President Obama announced on Saturday that the U.S. mission to combat Sunni extremists in Iraq could be a "long-term project" as Iraqis work to create a new, more inclusive government.
"I don't think we're going to solve this problem in weeks," Obama said from the White House lawn before departing for a two-week vacation in Martha's Vineyard with his family.
“Wherever and whenever US facilities are threatened, it’s my obligation as Commander-in-Chief to make sure they’re protected. We’re not moving our embassy any time soon, we’re not moving our consulate any time soon," the president said. "We’re going to maintain vigilance and make sure our people are safe.”
He also announced that he spoke to the leaders of the United Kingdom and France and that the two nations expressed strong support for the U.S. actions in Iraq and pledged to assist in the humanitarian effort to protect threatened religious minorities.
In recent weeks, tens of thousands of people in northern Iraq -- many of them Christians and Yazidis, an ancient religious sect -- have fled into the mountains to escape the advance of the Islamic State of Iraq and Syria (ISIS), a Sunni militant group seeking to create a new state in the region under Sharia law.
The U.S. launched multiple airstrikes against ISIS positions in northern Iraq on Friday, just hours after President Obama first announced he had authorized humanitarian airdrops and targeted strikes to protect Iraqi civilians and U.S. assets in the region. Those strikes continued Saturday with a series of successful aerial attacks to defend Yazidis who had come under ISIS fire near Mount Sinjar.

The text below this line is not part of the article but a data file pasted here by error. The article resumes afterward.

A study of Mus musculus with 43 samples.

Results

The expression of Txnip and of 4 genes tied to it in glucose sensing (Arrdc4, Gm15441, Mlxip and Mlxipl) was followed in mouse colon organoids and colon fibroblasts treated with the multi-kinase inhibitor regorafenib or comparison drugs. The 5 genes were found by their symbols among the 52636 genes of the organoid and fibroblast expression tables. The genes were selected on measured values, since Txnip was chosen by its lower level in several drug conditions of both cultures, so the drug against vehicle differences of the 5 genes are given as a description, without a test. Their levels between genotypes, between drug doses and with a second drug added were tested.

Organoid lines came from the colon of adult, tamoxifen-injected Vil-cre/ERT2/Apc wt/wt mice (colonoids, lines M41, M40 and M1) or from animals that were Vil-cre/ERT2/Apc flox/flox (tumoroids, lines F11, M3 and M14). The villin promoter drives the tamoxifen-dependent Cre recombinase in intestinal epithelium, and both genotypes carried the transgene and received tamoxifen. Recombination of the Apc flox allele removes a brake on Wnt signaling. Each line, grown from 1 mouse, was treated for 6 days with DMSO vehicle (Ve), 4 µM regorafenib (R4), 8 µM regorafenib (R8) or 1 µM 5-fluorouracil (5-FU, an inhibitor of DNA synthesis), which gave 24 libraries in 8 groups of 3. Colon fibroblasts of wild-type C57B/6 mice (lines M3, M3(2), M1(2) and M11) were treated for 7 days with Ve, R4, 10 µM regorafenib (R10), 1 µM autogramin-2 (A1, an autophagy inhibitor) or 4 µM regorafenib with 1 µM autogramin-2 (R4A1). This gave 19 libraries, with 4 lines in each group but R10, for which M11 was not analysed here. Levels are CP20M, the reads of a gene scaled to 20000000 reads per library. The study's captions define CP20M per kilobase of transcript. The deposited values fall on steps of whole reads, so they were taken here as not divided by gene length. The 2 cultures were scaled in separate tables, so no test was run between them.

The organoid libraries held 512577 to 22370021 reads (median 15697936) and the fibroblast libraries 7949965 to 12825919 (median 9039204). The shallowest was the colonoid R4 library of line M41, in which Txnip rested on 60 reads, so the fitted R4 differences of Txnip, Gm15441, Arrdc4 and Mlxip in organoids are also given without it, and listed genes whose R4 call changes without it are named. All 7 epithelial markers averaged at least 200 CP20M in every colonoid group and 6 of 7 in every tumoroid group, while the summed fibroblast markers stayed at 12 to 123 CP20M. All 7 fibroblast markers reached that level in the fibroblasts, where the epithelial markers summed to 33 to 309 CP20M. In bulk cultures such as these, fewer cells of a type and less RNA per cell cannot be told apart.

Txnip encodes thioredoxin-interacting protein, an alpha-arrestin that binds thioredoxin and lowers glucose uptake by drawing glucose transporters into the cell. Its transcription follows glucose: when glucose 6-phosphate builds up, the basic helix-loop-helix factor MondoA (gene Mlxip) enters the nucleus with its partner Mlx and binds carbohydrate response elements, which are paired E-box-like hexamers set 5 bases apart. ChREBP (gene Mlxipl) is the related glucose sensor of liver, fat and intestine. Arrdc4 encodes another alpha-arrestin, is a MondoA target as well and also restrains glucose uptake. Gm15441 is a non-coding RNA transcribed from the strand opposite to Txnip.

The immediate focus of the U.S. military operation in Iraq, President Obama said, was on preventing "an act of genocide" and to protect the Iraqi men, women and children trapped on the mountain by the extremists.
“We feel confident that we can prevent ISIL from going up the mountain and slaughtering people," Obama said, using an alternative name for the group. He added that the next step would be partnering with U.S. allies and the international community to find the refugees safe passage down from the mountain. "That may take some time,” he cautioned. “Moving them is not simple, in this security environment.”
The president emphasized repeatedly that in the longer term, fighting ISIS would require a unified and stable Iraq, and urged the Iraqi government to be more inclusive of both Sunnis and Kurds. He stressed that the U.S. would support the Iraqis in their military effort, but would not be doing it for them.
“Only Iraqis can ensure the stability and security of Iraq. The U.S. can’t do it for them, but we will support and be partners in that effort,” the president said.
“The nature of this problem is not one that a U.S military can solve. We can assist … but we can’t do it for them,” he later added.
While Obama admitted there would be no "particular timetable" for the U.S. military and humanitarian mission, he maintained that there would be no U.S. troops on the ground, saying: “I’ve been very clear that we’re not going to have US combat troops in Iraq again.”
Asked whether he planned to ask Congress for extra funding for operations in Iraq, the president said the U.S. already had significant assets in the region and was operating within its budget constraints. But, he added, “it’s possible” he may seek additional funding from Congress in the future as “there may be things that come up.”